Sermon Commentary for Sunday, December 29, 2019

Psalm 148 Commentary

The time between Christmas and Epiphany is one of those flex times in the Revised Common Lectionary—sometimes there are two Sundays after Christmas and before January 6 and sometimes just one in case Epiphany falls exactly on the second Sunday after Christmas.  So sometimes Psalm 148 is in the Lectionary mix and sometimes it isn’t.   This year we have 2 full Sundays, with Epiphany proper falling on a Monday.  Hence this year’s Lectionary for the First Sunday after Christmas features Psalm 148.   But since the Year C Lectionary had assigned Psalm 148 just last Spring, I will simply link over to that sermon commentary and the ideas on “The Ecology of Praise” that I wrote a few months back.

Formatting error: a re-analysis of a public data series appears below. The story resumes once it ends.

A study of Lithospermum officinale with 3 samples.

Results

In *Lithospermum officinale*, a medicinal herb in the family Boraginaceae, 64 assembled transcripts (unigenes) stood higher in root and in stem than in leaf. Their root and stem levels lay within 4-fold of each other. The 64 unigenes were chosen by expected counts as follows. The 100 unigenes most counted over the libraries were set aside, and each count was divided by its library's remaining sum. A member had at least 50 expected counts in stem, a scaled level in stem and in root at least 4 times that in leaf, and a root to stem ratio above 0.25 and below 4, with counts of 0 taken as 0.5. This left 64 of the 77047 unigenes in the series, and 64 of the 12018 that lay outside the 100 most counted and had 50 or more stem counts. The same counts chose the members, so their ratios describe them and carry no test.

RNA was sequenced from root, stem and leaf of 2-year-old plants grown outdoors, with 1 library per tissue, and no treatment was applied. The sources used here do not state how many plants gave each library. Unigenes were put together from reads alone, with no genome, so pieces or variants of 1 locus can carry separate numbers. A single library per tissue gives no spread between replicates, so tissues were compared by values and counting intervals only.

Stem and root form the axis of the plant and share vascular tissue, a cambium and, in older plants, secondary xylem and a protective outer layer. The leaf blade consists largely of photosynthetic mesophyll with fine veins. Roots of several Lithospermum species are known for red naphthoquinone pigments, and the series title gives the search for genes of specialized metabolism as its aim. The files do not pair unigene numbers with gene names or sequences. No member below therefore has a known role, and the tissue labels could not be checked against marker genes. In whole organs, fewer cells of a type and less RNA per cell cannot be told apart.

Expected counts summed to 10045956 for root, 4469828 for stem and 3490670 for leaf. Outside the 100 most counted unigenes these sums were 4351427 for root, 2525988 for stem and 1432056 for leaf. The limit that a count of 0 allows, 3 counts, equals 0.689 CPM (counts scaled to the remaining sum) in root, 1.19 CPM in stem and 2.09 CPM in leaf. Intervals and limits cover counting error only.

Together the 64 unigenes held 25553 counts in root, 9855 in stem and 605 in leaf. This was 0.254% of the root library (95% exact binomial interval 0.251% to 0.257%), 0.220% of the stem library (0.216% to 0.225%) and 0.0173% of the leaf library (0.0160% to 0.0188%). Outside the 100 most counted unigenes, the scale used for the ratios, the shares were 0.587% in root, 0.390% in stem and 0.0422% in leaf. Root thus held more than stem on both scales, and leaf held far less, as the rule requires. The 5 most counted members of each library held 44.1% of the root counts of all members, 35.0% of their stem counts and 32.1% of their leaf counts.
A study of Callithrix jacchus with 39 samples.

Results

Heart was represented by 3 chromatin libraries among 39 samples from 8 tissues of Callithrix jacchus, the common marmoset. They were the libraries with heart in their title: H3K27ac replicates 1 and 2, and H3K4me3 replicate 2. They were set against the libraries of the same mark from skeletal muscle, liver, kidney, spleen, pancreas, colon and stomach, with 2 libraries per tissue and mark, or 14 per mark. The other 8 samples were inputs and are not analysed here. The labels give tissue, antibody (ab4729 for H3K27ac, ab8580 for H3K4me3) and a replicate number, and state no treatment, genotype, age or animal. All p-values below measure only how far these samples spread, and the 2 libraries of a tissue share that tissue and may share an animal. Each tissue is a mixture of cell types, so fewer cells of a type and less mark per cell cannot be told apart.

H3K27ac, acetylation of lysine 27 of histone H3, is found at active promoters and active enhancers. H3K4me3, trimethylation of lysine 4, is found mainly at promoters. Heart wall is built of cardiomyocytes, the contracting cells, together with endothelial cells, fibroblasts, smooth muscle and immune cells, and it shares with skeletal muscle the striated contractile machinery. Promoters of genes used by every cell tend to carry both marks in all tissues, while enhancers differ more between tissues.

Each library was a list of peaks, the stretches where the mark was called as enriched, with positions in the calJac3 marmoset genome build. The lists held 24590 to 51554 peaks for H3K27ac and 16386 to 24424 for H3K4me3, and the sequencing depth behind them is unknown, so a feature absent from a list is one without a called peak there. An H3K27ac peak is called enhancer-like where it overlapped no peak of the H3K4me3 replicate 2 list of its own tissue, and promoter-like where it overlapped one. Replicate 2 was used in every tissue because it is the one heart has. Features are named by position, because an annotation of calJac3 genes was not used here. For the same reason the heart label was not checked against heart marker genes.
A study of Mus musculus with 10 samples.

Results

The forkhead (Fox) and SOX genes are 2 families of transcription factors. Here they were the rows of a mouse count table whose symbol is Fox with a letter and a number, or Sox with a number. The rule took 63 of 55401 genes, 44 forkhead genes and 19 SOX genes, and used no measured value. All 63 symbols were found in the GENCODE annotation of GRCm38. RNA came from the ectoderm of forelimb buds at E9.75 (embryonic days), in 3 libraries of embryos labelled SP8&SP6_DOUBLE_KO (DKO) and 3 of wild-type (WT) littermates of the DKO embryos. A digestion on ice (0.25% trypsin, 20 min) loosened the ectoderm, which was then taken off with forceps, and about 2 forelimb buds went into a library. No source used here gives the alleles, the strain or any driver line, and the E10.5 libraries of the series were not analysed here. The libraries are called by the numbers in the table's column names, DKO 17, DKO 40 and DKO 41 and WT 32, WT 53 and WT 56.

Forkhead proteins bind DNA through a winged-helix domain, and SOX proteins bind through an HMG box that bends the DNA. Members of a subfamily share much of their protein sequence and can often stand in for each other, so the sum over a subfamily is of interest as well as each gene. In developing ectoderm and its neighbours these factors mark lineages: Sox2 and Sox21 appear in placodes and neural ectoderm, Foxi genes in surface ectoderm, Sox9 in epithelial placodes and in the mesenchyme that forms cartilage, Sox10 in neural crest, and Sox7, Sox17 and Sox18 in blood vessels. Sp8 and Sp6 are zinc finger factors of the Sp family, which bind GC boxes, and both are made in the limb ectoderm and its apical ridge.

I suppose one thing I could add at this point is that since in 2019 this is the final Sunday of the calendar year, perhaps it is fitting to conclude with a psalm that resembles a well-shook bottle of champagne: when the cork flies off this poem, there is some serious praising going on in an effervescent explosion that involves nothing short of the whole creation!

Also, since this is paired in the RCL with the grim Gospel story of the Slaughter of the Innocents in Matthew 2, perhaps this exuberant psalm might be an alternative preaching text that some of us pastors will choose!  On the one hand and as pointed out in this week’s Gospel sermon commentary, there is a grim realism to the Matthew 2 story—the horror reported there is why God’s Son had to come to save this planet.   At the same time, perhaps it’s good to remind ourselves that in the end this will all result in exactly the glorious praises of all God’s creatures that we see depicted in Psalm 148!